Honoring Kristina ``Kristy’’ Marie Sermersheimby Representative Zoe Lofgren
Posted on 2013-02-06
in the house of representatives
Wednesday, February 6, 2013
Ms. LOFGREN. Mr. Speaker, I rise to acknowledge and honor Kristina
``Kristy'' Marie Sermersheim. I first met Kristy more than 30 years
ago. I was a brash candidate for office not backed by the establishment
and not expected to win. Kristy was a union activist who didn't know
the meaning of the word ``no''. Together we challenged the conventional
wisdom. Voters decided that an emphasis on children and families was
what they cared about. I was elected to the Board of Supervisors of
Santa Clara County. That same year, in 1981, she became a full-time
Service Employees International Union (SEIU) staff member.
The financial roof fell in on the county shortly thereafter, the impact of Proposition 13. Neither of us wanted a reduction in services to people in need. But we faced the imperative of reductions.
We worked together to cut the budget, to make sure that as we dealt with the budget reality we protected the most vulnerable and never scapegoated our employees. Kristy Sermersheim proved her bona fides in those tough times. She was smart, pragmatic but idealistic. She had values. She stood up for her members and she stood up for those in need. She was a star.
She continued to represent workers for another 32 years. As a passionate advocate for workers' rights, she held a range of positions on various local, state, national, and international organizations, including SEIU Local 715, SEIU International Union, South Bay American Federation of Labor and Congress of Industrial Organizations (AFL-CIO) Labor Council, California Labor Federation, SEIU Public Services Division, and SEIU California State Council. Kristy assumed the leadership role of SEIU local 715, the largest union representing employees of Santa Clara County.
Born in New Albany, Indiana, during elementary school, her family lived in Michigan, San Diego, and Long Beach, California. In 1961, her family moved to San Jose. In 1967, she graduated from Leigh High School. Kristy's good grades earned accolades as a National Merit Scholar Finalist and she was voted ``Most Likely to Succeed'' by her classmates. After she graduated, she took classes at San Jose State University and began working as a Santa Clara County Social Services Eligibility Worker in the Welfare Department.
Kristy has devoted her life to social justice and workers' rights. She served 11 years as a member leader for the Santa Clara County Employees Association.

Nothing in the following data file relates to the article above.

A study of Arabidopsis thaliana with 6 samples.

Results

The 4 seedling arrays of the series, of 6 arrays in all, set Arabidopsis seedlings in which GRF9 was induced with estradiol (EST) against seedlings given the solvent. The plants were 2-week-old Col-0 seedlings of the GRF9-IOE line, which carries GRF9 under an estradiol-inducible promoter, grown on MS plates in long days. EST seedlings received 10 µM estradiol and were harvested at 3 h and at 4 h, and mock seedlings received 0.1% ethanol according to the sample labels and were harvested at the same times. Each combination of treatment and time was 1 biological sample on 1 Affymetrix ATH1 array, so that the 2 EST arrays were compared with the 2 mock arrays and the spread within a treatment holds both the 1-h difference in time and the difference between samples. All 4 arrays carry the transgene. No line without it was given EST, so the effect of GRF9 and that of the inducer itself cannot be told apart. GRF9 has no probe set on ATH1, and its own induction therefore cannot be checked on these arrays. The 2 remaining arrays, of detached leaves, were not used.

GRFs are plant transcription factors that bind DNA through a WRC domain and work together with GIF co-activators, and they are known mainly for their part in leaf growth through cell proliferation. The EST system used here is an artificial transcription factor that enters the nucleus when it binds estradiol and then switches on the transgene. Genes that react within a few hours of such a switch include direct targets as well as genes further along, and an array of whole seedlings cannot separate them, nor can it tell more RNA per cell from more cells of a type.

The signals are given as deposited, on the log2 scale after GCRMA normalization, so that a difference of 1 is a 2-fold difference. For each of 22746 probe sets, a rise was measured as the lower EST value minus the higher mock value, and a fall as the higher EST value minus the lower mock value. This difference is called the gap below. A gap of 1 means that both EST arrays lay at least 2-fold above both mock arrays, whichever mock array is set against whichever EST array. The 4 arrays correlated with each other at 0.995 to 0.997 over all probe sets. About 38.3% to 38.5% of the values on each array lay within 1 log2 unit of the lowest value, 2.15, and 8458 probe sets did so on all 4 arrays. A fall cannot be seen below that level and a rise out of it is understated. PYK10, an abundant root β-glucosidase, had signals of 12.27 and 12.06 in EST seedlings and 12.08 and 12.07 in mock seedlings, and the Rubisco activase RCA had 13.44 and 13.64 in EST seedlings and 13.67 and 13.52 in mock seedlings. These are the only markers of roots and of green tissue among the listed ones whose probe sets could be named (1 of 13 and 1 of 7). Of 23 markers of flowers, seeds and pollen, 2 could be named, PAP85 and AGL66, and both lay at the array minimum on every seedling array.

As head of the former SEIU Local 715 in Santa Clara and San Mateo counties, Kristy expanded the union from 5,000 members working for four employers to more than 30,000 members with over 20 different contracts. She led the consolidation of five unions, including Local 715, to form the new SEIU Local 521. As Chief Elected Office of SEIU 521, she fought on behalf of 57,000 workers throughout North and Central California. Under her leadership, the County of Santa Clara and SEIU negotiated an $80 million settlement that established pay equity by removing discrimination in wage-setting for women and people of color.
We worked together for rights for women. Kristy helped make sure that the union represented a female worker in the county roads department in an affirmative action case that went all the way to the United States Supreme Court. County government was her partner in the case. I remember so well listening to the oral arguments on that case as a young County Supervisor. We were proud that local government and the union were partners in the quest for equal rights for women.
The case confirmed that government agencies must consider previous discrimination history as well as qualifications when making hiring decisions. In recognition of over 40 years of contributions to the social and political advancement of women, Kristy was awarded the South Bay AFL-CIO Labor Council's 2012 COPE Award for Service Above Self.
Throughout her career, Kristy worked together with public workers to obtain improvements in working conditions, wages, and benefits. She forged alliances with other unions and community groups to improve public services to the residents union members serve. Kristy is now retired and lives in Morgan Hill with her two sisters, Andrea and Teresa. The three sisters have collectively raised their brother's children after he passed away. They live with their niece Flori, a little dog, and three cats. In her retirement, Kristy wants to help the developmentally disabled community and volunteer where she can make a difference. I join in honoring her decades of contribution and service to the betterment of our society. The community is very fortunate to have benefited from her advocacy, dedication, and leadership. She has left her mark in the community and I know she will continue to play a positive role.